AS ORIGINALLY WRITTEN, the U.S. Constitution did not address voting rights, which were left to the states. In early U.S. history, the vast majority of voters were property-owning white men. Women were largely prohibited from voting — or disenfranchised — as were nonwhite men.


The property-owning requirement faded by the Civil War. In 1870, the 15th Amendment said states couldn’t deny voting rights to citizens because of race or color — although some states erected barriers such as poll taxes and literacy tests. But it was silent on women, who were still disenfranchised.

In 1920, the 19th Amendment cleared the way for most white and black women to vote. But there were exceptions. Until 1922, an American-born woman couldn’t vote if she was married to an immigrant (foreign-born and not yet naturalized, or a citizen). And even after 1922, she couldn’t vote if she had married an Asian immigrant.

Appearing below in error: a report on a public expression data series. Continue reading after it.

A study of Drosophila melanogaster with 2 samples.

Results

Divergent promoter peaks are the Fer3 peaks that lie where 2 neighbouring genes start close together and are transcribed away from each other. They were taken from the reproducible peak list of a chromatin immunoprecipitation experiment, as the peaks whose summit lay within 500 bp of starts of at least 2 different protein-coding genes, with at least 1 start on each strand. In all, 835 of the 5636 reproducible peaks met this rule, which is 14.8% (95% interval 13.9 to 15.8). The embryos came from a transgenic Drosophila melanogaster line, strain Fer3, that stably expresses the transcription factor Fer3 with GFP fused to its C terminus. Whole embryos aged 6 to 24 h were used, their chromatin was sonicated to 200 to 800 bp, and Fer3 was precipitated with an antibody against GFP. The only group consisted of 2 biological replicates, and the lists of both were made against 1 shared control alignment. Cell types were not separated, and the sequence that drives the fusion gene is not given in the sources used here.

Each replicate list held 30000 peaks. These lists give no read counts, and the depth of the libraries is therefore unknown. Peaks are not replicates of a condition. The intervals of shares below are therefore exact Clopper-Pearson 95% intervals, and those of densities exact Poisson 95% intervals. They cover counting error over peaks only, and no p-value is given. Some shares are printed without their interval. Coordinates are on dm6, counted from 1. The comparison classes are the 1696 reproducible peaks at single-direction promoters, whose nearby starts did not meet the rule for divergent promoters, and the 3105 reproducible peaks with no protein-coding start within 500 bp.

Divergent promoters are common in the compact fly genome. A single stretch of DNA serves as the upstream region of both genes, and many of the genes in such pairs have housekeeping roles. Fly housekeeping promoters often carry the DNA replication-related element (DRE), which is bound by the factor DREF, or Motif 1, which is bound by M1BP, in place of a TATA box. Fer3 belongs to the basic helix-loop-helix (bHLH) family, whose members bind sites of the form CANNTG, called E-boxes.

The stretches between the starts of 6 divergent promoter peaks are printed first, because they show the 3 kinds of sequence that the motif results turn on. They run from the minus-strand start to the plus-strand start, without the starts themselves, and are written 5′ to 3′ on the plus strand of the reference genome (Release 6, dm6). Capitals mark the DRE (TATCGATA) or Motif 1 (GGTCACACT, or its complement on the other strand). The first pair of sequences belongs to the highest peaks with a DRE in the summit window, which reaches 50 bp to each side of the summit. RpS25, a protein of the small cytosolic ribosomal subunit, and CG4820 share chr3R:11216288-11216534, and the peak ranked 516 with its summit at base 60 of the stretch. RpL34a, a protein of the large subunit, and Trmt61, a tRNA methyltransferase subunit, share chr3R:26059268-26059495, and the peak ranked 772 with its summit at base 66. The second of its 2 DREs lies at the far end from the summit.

In 1924, Native American men and women were granted voting rights, although, again, some states created obstacles to exercising those rights.

But it would be several decades before prohibitions on Asian immigrants becoming citizens were removed. A 1943 law sponsored by U.S. Rep. Warren G. Magnuson of Washington allowed Chinese immigrants already residing in the United States to become naturalized citizens with voting rights. Federal law three years later extended citizenship and voting rights to Filipino and Indian immigrants. And the federal McCarran-Walter Act did the same for Korean and Japanese immigrants in 1952.

African American women and other women of color struggled for the right to vote for decades after the passage of the 19th Amendment because some states passed discriminatory laws.